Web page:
Meet The Children Affected By The Lack Of Rights For Same-Sex Parent Led Families

LGBT Ireland have released a video showing the children who have been affected by a four year delay.

Meet The Children Affected By The Lack Of Rights For Same-Sex Parent Led Families

LGBT Ireland today released a video asking members of the Joint Oireachtas Select Committee on Social Protection to meet the children affected by the lack of movement on proposed changes to the Children and Families Relationship Act.

Representatives from the group appeared before the Oireachtas yesterday to call for the increased legal recognition of families headed by same-sex parents.

Following that meeting, the group sent an explanatory video to members of the Joint Oireachtas Select Committee on Social Protection urging members of the Select Committee to support the speedy process of the Civil Registration Bill, which replaces Part 9 of the Children & Family Relationship Act 2015.

Campaigners have long stressed the need for changes to the Children and Families Relationship Act. As it stands currently, the bill provides no legal recognition to LGBT+ families.

The ‘Meet The Children’ video begins with Aoife, who was born in 2014. At the time it was not possible to register both of Aoife’s parents on her birth certificate because she has two mothers. The video goes on to say the proposed changes to the Act would have remedied this, but families have now been waiting over four years.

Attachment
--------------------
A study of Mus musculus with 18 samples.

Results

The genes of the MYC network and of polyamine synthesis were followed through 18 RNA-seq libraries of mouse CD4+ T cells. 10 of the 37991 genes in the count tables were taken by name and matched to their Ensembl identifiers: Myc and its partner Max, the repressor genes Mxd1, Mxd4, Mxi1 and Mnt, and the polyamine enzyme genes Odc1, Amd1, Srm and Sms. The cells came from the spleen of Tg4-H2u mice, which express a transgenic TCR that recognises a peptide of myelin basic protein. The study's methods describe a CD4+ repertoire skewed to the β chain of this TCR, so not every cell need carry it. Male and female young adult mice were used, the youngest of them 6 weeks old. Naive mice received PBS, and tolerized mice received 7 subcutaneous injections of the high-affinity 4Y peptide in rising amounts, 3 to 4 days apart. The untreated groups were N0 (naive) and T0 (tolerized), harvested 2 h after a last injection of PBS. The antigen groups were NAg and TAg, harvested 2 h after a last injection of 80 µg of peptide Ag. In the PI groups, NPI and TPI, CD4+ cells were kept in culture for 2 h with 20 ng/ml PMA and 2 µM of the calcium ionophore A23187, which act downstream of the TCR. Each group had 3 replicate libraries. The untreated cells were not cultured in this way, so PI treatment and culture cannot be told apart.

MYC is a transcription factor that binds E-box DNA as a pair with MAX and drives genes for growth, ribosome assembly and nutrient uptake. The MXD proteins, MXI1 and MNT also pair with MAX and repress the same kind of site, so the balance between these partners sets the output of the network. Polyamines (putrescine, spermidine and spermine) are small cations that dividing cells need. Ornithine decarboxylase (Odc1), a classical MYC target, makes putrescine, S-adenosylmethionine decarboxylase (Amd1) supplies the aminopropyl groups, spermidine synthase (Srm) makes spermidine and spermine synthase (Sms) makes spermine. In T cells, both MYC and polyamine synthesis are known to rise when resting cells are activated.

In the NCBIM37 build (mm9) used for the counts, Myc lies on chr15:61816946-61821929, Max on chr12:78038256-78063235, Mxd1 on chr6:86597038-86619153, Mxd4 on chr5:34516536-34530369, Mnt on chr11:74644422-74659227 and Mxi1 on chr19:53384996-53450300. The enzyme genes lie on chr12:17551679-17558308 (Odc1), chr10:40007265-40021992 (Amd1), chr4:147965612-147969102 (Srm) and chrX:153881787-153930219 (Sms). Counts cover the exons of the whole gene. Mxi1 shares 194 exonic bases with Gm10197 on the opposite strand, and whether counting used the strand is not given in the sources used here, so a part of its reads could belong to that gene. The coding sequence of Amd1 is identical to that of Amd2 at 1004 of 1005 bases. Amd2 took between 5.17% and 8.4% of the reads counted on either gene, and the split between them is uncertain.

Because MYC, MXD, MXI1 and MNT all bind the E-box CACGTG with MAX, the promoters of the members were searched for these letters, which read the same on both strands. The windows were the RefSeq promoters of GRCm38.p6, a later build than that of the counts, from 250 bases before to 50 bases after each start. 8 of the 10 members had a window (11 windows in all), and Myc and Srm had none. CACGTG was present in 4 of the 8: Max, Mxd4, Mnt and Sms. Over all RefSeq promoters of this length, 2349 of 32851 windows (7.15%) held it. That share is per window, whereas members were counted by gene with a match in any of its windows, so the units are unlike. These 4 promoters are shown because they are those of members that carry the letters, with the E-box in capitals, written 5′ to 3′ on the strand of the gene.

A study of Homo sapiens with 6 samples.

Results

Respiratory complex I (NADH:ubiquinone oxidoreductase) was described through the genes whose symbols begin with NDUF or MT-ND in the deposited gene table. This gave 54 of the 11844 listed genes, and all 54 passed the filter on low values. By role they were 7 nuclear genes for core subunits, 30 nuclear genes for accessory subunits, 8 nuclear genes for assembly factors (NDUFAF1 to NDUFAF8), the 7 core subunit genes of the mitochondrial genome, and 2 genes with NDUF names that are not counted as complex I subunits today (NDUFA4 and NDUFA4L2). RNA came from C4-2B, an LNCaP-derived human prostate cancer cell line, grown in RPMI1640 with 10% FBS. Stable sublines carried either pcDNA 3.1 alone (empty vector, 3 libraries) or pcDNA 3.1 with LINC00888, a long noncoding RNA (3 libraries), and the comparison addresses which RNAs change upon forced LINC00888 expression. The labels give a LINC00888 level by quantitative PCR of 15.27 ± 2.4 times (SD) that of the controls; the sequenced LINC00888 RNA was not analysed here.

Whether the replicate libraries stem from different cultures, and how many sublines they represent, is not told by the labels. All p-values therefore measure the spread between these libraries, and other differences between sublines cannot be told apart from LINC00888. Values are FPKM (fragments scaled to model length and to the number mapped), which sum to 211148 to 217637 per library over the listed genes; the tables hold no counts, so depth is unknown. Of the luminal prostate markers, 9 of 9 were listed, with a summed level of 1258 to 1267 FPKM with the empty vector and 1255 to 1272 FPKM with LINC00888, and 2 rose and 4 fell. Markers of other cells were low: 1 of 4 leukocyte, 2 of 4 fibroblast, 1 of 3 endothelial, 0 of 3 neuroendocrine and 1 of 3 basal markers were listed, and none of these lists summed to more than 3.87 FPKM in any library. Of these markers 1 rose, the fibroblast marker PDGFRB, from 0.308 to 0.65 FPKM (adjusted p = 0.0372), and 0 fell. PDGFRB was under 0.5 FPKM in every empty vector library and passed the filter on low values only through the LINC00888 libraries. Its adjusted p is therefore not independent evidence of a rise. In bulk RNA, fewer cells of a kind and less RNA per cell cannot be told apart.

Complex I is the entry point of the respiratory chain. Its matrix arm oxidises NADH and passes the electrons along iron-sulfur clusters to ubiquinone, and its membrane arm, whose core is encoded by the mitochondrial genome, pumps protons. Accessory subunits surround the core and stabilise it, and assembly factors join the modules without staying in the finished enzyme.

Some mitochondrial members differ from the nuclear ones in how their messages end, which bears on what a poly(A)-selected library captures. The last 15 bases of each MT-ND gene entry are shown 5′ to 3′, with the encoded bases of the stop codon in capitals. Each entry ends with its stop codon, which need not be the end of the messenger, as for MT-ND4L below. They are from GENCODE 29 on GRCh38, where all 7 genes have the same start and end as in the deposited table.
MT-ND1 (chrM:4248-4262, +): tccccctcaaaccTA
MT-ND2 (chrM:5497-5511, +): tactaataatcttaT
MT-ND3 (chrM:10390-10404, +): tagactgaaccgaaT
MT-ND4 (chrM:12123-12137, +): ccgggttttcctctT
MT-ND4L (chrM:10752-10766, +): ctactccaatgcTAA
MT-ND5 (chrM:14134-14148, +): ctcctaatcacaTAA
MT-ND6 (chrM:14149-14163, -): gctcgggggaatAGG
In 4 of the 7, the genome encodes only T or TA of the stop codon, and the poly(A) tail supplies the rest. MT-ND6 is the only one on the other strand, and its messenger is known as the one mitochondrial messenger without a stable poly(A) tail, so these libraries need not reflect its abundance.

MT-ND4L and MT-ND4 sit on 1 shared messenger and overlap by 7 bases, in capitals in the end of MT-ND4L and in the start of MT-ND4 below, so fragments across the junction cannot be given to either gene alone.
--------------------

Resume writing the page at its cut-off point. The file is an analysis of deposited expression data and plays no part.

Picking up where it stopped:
The video concludes: “These children, and hundreds more, do not have a right to both of the parents who care for them. This Government can realise their rights, by supporting legislation that recognises LGBTQ families.”

At the meeting yesterday, Paula Fagan, the chief executive of LGBT Ireland said: “Several families we spoke to have children with serious health conditions that require ongoing medical attention, for these parents the stress caused by the lack of legal rights puts a huge additional strain on them.

“This is particularly so when medical consent is required, and when obtaining legal documents such as passports, but it also arises in everyday situations, like for example providing consent for school trips.”

Fagan continued: “While we acknowledge this is a complex piece of legislation and support the thorough consideration of all issues involved, we ask that you progress your deliberations urgently.”